Writing in the open

On Monday I had a paper deadline for a journal special issue. It wasn’t the final deadline but the only free day I had between then and the actual deadline in which I could write a first draft. Typically, I hadn’t started the paper. I had a vague idea what I wanted to say, but it was all in my head.

I got my head down by mucking around on Twitter.

“Today I have to write a paper with a deadline of… hmmm… today. Expect lots of action on Twitter.”

I got an interesting suggestion from Lawrie Phipps:

“Take a risk, write in an open google doc and allow comments. Tweet out the link every hour and ask for feedback. It’ll be fun.”

What a stupid suggestion I thought, what kind of idiot would write a paper in public? Me, it turns out.

I make it a policy to always revisit something that I find initially scary or challenging, and do it anyway. This has led to adventures such as treetop exploration at Go Ape (never again), presenting my work through stand-up comedy (never again), and singing live karaoke (absolutely never again). While there is a pattern emerging here, I am always glad afterwards that I did the thing.

So I set up an open google doc and set to work. The #openpaper project was born. Thanks to Lawrie kindly tweeting about the endeavour, many times, there really wasn’t anywhere to hide, and it wasn’t long before there were lots of people watching, and comments started appearing.

Initially this was really weird. I had not envisaged how exposed I would feel with the anonymous menagerie that kept appearing and disappearing in the corner of my screen. The anonymity of viewers was really hard to deal with, and it took me nearly an hour to write anything at all. However, once I’d actually got some words on the page and got more used to the set up it became easy to ignore the observers and they became more of a positive validatory presence. In fact, there was a period between about 3 and 4pm when I was completely alone in the document and I felt completely abandoned.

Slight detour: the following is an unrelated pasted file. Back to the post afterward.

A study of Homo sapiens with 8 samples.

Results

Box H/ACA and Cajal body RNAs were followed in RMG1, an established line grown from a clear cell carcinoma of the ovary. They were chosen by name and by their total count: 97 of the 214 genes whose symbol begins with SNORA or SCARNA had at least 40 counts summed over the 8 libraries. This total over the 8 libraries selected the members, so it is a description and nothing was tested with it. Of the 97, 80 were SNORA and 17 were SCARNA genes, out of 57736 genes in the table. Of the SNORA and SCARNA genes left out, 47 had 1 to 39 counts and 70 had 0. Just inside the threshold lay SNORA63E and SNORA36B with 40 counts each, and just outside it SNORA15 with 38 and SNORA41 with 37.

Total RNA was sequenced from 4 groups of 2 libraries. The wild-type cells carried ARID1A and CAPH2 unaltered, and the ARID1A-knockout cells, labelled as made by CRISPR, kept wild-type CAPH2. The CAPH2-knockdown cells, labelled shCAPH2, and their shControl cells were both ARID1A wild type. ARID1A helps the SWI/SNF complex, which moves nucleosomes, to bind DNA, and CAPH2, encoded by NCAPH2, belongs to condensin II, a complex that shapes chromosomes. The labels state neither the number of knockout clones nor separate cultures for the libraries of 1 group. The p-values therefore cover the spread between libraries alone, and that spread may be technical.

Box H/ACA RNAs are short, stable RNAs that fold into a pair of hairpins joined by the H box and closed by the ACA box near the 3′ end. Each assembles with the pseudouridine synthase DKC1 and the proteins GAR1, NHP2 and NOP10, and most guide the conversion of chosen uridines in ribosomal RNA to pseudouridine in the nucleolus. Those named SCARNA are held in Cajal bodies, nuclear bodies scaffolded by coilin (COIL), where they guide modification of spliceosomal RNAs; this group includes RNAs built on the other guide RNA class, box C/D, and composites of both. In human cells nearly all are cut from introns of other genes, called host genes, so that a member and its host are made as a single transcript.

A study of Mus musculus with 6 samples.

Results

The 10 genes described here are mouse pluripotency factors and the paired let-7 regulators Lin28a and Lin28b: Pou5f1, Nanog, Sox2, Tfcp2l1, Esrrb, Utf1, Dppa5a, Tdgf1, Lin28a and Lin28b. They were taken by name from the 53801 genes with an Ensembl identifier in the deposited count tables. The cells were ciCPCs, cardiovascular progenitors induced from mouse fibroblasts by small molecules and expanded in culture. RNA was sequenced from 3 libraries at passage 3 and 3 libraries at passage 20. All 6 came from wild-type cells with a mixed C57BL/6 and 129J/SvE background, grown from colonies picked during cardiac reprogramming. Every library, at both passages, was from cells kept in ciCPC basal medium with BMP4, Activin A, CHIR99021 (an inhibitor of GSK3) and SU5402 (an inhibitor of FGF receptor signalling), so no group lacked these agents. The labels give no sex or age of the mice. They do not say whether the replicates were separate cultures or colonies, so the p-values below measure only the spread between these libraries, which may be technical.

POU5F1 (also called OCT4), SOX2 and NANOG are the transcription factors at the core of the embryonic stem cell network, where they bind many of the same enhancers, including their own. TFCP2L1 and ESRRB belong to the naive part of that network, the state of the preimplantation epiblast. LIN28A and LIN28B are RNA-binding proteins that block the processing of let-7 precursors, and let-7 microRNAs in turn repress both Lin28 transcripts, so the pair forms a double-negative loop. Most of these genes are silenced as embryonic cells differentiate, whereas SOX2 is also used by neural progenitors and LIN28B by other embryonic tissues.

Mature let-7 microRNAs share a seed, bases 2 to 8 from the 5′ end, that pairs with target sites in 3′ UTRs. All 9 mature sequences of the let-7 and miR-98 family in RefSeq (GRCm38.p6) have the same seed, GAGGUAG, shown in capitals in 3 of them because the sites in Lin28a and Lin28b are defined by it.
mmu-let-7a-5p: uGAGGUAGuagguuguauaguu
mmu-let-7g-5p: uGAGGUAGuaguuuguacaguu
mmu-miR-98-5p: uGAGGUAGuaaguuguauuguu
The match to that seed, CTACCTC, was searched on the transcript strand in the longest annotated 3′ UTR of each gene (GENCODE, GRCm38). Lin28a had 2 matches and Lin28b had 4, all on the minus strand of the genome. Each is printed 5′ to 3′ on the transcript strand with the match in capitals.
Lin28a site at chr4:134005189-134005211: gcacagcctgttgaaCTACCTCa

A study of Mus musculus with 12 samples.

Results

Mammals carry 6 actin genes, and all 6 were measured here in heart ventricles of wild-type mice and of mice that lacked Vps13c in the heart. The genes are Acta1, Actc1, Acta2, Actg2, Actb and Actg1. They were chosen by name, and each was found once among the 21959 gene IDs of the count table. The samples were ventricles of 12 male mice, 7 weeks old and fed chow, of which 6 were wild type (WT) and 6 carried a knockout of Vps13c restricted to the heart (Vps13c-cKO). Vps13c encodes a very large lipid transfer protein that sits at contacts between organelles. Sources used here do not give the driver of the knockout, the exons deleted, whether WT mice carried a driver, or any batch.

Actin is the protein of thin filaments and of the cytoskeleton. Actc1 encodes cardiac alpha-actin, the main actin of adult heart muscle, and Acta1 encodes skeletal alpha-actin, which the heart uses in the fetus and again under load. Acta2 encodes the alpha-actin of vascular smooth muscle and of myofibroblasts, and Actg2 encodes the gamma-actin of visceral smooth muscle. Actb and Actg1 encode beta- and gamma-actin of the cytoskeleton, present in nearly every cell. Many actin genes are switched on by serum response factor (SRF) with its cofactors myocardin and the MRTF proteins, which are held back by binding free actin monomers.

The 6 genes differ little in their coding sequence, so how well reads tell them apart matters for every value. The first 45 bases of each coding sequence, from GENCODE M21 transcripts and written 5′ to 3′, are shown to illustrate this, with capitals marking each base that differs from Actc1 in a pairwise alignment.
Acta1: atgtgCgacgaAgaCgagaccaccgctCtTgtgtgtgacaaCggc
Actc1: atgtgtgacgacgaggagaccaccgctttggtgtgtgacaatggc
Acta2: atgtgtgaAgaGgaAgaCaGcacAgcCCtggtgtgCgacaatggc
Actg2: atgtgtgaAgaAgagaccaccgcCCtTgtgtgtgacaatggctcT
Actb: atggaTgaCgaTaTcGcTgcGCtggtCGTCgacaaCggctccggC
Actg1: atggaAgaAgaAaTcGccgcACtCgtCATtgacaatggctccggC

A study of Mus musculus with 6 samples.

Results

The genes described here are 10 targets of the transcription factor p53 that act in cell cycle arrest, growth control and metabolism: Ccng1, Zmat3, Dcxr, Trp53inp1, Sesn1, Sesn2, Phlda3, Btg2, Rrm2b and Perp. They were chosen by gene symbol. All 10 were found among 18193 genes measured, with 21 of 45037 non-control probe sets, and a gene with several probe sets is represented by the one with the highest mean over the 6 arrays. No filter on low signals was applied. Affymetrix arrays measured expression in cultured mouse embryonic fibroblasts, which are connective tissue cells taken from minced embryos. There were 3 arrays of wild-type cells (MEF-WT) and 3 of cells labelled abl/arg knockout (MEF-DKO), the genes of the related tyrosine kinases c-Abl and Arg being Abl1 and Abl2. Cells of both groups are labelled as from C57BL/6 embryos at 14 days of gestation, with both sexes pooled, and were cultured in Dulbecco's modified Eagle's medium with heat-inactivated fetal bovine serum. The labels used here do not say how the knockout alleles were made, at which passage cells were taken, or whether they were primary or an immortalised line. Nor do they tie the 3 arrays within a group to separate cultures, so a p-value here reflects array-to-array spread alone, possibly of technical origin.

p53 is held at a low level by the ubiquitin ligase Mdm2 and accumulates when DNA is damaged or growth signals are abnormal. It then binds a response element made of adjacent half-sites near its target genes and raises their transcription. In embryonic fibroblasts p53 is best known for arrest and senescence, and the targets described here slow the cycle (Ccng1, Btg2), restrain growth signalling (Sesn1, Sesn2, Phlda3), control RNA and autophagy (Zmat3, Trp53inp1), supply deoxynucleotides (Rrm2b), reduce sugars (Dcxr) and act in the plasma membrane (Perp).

The comments were also initially difficult to deal with. It’s definitely disconcerting to have someone comment in real time as you write (and in one case before I’d written something). Once I realised that I didn’t need to address the comments straight away then life became easier. The constant Twitter back-channel was distracting too (although in a good way) so I had to start being really strict with myself about how often I checked and responded.

Where the process really came into its own though was in the final evening stretch. I was tired. I was sick of the paper. I had no creativity left. This was the point a which the constant observation and comments were so useful for keeping me going and providing a purpose for the writing. The introduction of wine at 9pm helped too.

Finally, at 10:40, over thirteen hours after I’d started, the first draft of the #openpaper was completed. I’d like to say that I couldn’t have done it without being open, but I would have, because I had a deadline. However, I wouldn’t have felt so supported, so much part of a community, and the feedback will certainly make a sounder and more robust paper (at least I hope the reviewers agree).

You should try it. It’ll be fun.

#openpaper is now locked for comments, but in the spirit of openness is available here.